Calm Down

Debate student’s opinion essay from Ms. Habig’s Debate class.


Tellia Gansman, Student

As a new driver, taking risks on the road is not something I particularly enjoy. Turning right while the light is red, turning left on a yellow flashing arrow, and turning out into cross traffic scare me enough already, so having the person in the car behind me honking and screaming does not help. Although all cautious drivers may not be new to the road, it is important to take into consideration the situation of the person traveling 3 miles per hour under the speed limit. The screaming child in the backseat or lack of directional awareness can cause them to drive more carefully than the road rager sees fit. Not only does road rage accomplish nothing but it can be dangerous to both parties. Angry and aggressive driving needs to be stopped because it causes unnecessary stress for new drivers, and can be potentially life-threatening.

One of my first times driving alone, I was heading back from Target when I was stopped at a yellow turn arrow. Based on my experience, I made the judgment call not to turn left and wait until the light had cycled through again. Although I thought I had made the right choice, the white Escalade behind me did not. The driver, who had honked at me several times, pulled her car out from behind me and into the lane next to my tiny little Volkswagen Beetle. Then, the back window of her SUV was rolled down, and a middle finger belonging to a small child came into view. By the time the window had rolled up my light was green again and I rolled away, still in shock. Even though I hadn’t done anything dangerous or illegal, I felt a sense of guilt and I was nervous to drive again. Honking and acting aggressively accomplished nothing besides scaring me. Her display of emotions did not cause me to turn faster, and most likely left her angry for the remainder of her drive.

Not only is it important to consider whether or not the person driving the car lacks experience, but also that road rage can be dangerous. According to the AAA Foundation for Traffic Safety, “aggressive driving is a factor in 54% of all fatal motor vehicle crashes.”  Not only does road rage cause other drivers to stress, but it can also be harmful to the aggressor. Colonial Driving School states, “with road rage, a driver faces high-stress levels, making them temperamental and further making their driving dangerous.” So, not only does honking at the car that waited 15 seconds to enter the roundabout scare them, but it is also harmful to the person behind the horn. Oftentimes, road rage is a habit that is ingrained in us from a young age. We see our parents yelling at cars while we’re sitting in the back seat and over time their overreactions become our overreactions. Soon enough, we’re learning to drive and practicing the same unsafe driving habits as our parents. To combat this deep-seated aggression, the American Psychological Association suggests using “relaxation coping skills and cognitive restricting skills” while driving. By taking a few deep breaths, you take control of the car instead of your emotions.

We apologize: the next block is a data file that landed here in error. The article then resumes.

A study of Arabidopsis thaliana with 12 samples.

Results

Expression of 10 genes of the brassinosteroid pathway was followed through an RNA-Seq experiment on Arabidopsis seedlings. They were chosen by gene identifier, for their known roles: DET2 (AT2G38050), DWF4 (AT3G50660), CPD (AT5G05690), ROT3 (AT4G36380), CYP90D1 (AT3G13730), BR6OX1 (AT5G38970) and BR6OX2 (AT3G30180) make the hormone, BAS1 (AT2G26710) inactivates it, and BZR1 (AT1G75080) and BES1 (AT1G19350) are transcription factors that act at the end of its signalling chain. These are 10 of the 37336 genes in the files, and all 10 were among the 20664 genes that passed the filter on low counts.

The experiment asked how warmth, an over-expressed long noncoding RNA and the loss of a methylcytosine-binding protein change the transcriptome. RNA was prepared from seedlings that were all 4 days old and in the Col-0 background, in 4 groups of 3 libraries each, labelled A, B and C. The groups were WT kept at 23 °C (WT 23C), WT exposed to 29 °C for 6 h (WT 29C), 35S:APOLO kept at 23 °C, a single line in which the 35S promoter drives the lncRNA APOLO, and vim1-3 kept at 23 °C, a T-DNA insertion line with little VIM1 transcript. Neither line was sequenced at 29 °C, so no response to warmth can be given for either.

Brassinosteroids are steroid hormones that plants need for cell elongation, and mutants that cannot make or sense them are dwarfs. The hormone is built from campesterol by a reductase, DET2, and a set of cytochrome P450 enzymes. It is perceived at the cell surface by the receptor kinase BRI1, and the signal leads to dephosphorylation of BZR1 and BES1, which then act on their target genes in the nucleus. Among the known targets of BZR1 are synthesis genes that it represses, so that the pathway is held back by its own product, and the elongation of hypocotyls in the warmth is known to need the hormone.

Aggressive driving is harmful to not only other drivers on the road but also to the ones behind the wheel. New drivers should not have to feel threatened or scared while on the road. Rather than wasting energy on cursing out a 16-year-old girl, focus on being a better driver. While hiding behind the wheel of her Escalade may have given that woman and her child the confidence to insult me, she never would have done that face-to-face. If she were to consider my situation, she never would have lashed out and thrown a temper tantrum. By doing that she not only endangered herself and her child, but she caused me to lose confidence and develop a fear of the road. Driving should not be scary. Next time you feel the need to honk at someone for driving too slowly or taking an extra few seconds to turn, inhale deeply and take the wheel from your emotions.